Read this interview in German.
In mid-March, over 100 people were arrested in Managua during anti-government protests. In the months prior to this, the situation seemed to have calmed down. How can the recent escalation in Nicaragua be explained?
On the weekend of 16 March, 104 people were arrested when they demanded the right to demonstrate freely in Managua, the country’s capital. Daniel Ortega’s regime had banned demonstrations since September. At the slightest sign of open protest, the regime sent armed forces to the streets. Despite the recent talks between the government and the opposition and the demand for the release of all political prisoners, the opposition coalition Unidad Azul y Blanco called for a demonstration and challenged the government. Hundreds of people followed the call and gathered in one of the busiest streets in the city.
As a result, the police began taking violent action against the demonstrators and arresting them as they fled to shopping malls and nearby stores, singing the national anthem and waving the flag of Nicaragua. Only the intervention of the Apostolic nuncio, sent by the Vatican to secure the release of the prisoners, made it possible for people to leave the buildings surrounded by the police without being attacked.
At the beginning of March, the government and opposition began a "peace dialogue". The intention is to find a way out of the current political crisis. However, the opposition insists on the resignation of Daniel Ortega, whom they categorically reject. Given these rigid positions, is any peaceful solution possible?
The talks seemed deadlocked until 19 March when, after the intervention of the Organisation of American States and the nuncio, Daniel Ortega pledged to release all political prisoners within three months and to change Nicaraguan electoral law. In view of the untrustworthy style of Daniel Ortega and his negotiators, this announcement led to rather cautious optimism. However, the opposition’s demand for early elections was rejected by the government: the regime’s intention is to negotiate conditions that will allow Ortega to remain in office until the end of the parliamentary term in 2021.
The Nicaraguan Revolution is celebrating its 40th anniversary in 2019. In 1979, Daniel Ortega and other members of the FSLN, the Sandinista National Liberation Front, overthrew the dictatorship of the Somoza family. You yourself joined the FSLN in 1970 and today you are one of the most open critics of Daniel Ortega’s government. How did the revolutionary project become an authoritarian regime?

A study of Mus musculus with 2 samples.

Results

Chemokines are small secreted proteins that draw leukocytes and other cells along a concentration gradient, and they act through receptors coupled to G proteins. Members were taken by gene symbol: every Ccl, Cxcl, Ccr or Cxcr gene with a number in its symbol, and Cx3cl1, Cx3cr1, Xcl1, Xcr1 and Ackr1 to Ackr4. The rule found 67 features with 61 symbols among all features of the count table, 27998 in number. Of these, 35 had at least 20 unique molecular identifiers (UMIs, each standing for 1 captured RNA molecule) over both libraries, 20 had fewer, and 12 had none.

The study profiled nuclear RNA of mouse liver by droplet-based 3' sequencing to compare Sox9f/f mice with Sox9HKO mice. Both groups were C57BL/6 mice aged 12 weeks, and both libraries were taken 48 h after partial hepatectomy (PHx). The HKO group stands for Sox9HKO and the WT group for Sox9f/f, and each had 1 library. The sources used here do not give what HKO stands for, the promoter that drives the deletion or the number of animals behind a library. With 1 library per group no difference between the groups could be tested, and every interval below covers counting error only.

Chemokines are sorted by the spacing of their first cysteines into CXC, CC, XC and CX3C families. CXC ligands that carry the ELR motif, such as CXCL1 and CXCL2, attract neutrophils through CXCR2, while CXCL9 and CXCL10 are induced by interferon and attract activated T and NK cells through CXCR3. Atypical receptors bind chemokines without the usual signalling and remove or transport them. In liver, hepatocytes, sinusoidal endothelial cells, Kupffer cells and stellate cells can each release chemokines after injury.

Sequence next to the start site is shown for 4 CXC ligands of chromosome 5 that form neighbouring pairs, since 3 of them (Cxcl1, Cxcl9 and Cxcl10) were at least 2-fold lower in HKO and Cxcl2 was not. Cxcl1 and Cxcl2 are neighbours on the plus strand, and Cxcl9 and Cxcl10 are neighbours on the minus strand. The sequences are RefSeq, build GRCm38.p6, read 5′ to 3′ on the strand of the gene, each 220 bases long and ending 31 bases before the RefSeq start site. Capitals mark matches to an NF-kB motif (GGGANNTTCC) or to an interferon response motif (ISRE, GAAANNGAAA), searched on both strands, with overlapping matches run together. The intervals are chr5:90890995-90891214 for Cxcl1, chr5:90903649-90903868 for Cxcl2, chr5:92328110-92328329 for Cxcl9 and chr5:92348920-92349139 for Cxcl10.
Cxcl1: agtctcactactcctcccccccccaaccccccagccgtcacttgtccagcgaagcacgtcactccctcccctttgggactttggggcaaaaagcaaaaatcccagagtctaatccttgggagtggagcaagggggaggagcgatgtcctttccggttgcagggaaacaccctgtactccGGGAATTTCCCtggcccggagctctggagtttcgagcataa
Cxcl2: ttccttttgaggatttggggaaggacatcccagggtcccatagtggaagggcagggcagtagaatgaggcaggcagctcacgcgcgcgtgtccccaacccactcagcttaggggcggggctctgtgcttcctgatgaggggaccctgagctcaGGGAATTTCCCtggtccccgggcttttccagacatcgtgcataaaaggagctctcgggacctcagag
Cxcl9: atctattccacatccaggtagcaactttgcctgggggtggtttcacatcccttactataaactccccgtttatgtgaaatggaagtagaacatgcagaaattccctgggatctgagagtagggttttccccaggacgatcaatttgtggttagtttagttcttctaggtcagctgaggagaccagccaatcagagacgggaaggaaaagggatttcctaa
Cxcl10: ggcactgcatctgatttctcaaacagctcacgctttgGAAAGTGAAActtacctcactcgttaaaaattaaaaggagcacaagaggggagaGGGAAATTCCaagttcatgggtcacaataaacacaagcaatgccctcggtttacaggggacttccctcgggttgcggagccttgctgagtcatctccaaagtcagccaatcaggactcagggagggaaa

2019 marks the 40th anniversary of the triumph of the Sandinista Revolution. Over the past forty years, there have been major changes worldwide. The mentality of those who carried out the revolution back then has also changed. While some of us believed that the left had to democratise and modernise, Daniel Ortega focused, as though obsessed, on returning to power. He resorted to a tactic he called "governing from below," which was based on the use of the party apparatus to obstruct the work of the respective governments by disturbing the peace and carrying out violent actions.
When this proved unsuccessful, he decided to pose as a purified, peaceful, and religious citizen. He dressed in white, reconciled with the church, and promised a ban on therapeutic abortions in the event that he won (and were to keep his promise). He also made a pact with the corrupt President Arnoldo Alemán: promising him release after his sentence on corruption charges, he pledged his support to Ortega in return for a constitutional amendment that would reduce the percentage of votes required to win a first-round electoral ballot from 45 per cent to 35 per cent.
True to the principle "The end justifies the means", Ortega was again elected president with 38 percent of the vote in 2007. Since then he has concentrated power in his hands and his wife’s. He has also packed the state apparatus, the police and the armed forces with his party members. He has allied himself with big business, corrupted the electoral system and changed the constitution so that unlimited re-election becomes possible. Against all this, on 18 April 2018 the people voiced their massive protest. But instead of listening, Ortega decided to pursue a violent crackdown. The result was 325 dead, 2,000 injured, 700 prisoners and 52,000 exiles in four months. That makes him a tyrant and a traitor to the revolution.
This interview was conducted by Claudia Detsch.